Colin Thiele (1920 - 2006) was bilingual, living in a German farming community in Australia. He went to the University of Adelaide, and after graduating, served as a radar mechanic with the RAAF in Northern Australia during the Second World War. He began teaching in Port Lincoln in 1946, and he combined his teaching with his prolific writing. He wrote and edited over 100 books, most of which are set in South Australia.
Colin Thiele was diagnosed with rheumatoid arthritis in the 1950s, and his experience with this informs Jodie’s Journey. Jodie is a successful rider, until she is suddenly stricken down with mystery pains in her joints. Her struggle to even get a diagnosis, let alone live with the condition, is not an easy read, but it undoubtedly has the ring of truth. There are no easy answers or miraculous cures for Jodie, as I suspect there weren’t for Colin Thiele. The book is an excellent read. It stays with you. It was one of the books of which Thiele was most fond, saying it was one in which he came closest to getting it right.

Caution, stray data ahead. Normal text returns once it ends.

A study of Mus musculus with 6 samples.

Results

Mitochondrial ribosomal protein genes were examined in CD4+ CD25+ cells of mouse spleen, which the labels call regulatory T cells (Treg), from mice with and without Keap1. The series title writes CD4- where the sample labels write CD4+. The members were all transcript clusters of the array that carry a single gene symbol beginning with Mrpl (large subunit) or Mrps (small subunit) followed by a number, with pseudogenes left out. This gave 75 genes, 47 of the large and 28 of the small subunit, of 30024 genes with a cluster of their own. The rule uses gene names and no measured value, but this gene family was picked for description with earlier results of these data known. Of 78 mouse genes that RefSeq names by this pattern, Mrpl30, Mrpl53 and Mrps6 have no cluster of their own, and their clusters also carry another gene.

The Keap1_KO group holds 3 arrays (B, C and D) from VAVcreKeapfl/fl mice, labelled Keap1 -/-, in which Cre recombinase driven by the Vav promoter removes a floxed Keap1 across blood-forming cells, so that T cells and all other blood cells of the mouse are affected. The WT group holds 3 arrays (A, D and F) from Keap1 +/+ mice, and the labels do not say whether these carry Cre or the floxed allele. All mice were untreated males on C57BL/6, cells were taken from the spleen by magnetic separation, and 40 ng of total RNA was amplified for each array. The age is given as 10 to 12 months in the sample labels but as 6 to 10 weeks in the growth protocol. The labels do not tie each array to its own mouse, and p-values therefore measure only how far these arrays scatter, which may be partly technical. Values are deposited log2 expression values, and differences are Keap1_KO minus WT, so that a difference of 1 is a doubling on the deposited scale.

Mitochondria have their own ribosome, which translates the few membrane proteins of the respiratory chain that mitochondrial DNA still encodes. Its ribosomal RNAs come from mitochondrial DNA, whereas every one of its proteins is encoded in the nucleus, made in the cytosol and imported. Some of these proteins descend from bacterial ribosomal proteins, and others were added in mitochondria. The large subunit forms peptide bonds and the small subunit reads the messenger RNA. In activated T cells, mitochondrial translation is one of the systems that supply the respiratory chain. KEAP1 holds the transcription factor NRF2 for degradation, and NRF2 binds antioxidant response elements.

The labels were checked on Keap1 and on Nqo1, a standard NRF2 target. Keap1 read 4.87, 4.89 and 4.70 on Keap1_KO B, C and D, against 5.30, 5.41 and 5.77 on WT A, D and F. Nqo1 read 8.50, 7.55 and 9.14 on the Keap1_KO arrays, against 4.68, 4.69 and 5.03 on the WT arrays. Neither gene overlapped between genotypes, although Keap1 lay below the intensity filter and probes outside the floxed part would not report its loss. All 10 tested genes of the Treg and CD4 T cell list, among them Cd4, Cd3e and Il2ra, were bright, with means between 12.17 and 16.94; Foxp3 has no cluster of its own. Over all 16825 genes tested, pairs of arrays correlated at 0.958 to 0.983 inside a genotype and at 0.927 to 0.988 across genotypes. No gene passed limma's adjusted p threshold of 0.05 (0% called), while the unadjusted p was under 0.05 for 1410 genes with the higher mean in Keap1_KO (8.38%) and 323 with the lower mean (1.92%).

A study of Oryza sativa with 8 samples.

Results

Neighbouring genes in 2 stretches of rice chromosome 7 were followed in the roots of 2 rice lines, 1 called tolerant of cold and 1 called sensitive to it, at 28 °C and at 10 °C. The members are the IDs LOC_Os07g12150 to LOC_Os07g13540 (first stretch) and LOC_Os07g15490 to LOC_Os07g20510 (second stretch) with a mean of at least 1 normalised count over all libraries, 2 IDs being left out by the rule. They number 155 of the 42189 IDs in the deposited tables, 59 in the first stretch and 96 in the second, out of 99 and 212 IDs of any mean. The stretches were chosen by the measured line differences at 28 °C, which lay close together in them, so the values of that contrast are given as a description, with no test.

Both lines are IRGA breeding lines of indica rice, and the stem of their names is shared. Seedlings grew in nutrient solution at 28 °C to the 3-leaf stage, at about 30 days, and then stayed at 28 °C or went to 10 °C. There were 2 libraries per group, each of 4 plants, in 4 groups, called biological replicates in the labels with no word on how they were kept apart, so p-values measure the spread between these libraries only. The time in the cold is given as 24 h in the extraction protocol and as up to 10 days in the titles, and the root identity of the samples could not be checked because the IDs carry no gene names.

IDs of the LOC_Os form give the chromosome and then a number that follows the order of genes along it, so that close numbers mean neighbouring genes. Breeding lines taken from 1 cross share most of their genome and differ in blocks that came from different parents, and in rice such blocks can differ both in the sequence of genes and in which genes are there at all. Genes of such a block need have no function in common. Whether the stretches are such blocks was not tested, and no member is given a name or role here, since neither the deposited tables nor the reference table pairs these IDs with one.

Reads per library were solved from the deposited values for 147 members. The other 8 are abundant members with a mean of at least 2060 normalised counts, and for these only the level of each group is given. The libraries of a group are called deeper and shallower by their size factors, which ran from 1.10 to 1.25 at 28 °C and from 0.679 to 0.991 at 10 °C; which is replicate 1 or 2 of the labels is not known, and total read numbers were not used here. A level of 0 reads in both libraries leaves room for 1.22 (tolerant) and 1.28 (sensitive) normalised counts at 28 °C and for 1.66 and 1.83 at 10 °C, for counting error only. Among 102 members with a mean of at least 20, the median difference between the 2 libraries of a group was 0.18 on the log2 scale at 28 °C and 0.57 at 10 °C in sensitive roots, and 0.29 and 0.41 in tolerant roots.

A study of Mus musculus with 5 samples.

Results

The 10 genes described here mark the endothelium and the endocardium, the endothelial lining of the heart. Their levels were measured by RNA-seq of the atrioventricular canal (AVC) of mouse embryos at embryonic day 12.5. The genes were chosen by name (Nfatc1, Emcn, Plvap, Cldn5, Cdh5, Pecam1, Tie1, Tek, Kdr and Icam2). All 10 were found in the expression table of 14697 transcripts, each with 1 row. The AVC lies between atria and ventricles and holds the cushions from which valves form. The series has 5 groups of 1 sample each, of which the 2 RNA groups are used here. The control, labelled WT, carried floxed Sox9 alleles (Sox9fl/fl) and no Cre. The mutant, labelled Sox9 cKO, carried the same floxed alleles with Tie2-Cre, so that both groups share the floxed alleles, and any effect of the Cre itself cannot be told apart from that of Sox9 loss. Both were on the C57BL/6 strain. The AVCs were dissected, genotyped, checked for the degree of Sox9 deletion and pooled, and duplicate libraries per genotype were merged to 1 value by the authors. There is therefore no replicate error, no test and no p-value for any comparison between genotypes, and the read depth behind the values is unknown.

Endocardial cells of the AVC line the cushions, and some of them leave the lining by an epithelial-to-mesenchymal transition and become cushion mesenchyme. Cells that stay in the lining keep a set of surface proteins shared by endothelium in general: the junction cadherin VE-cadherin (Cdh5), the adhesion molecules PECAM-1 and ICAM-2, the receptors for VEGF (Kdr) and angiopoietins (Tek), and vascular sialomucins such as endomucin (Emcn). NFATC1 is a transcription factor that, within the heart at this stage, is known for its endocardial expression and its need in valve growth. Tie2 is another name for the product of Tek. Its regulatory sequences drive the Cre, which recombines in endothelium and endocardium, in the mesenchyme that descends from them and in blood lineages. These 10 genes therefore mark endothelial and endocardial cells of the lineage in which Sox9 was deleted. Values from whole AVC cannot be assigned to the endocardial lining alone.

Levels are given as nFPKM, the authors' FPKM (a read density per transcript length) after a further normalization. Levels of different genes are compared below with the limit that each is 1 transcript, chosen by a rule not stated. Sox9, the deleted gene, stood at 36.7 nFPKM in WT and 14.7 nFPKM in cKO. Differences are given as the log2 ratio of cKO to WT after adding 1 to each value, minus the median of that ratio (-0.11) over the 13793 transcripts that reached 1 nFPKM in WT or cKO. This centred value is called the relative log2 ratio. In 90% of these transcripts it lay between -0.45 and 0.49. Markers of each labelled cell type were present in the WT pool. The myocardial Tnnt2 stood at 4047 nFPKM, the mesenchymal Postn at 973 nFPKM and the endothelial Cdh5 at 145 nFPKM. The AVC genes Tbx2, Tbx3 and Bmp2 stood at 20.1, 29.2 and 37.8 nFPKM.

Colin Thiele was also well known as an environmentalist, and wrote several books about endangered Australian locations. In 1977 he was made a Companion of the Order of Australia for his services to literature and education.
Finding the books: Pitch is tricky; the others reasonably easy.
Illustrated with photographs, the story of a young girl’s dream of having a pony.
Pitch the Pony Rigby, Adelaide, 1984 (?)
Jodie’s Journey Walter McVitty, Glebe, 1988 Harper & Rowe, New York, 1990
Jodie is a really promising rider, and everything in her life seems set fair. Then she is felled by the demon that is rheumatoid arthritis. Nothing will be the same again: there are no easy answers, and no fairy tale solutions for Jodie.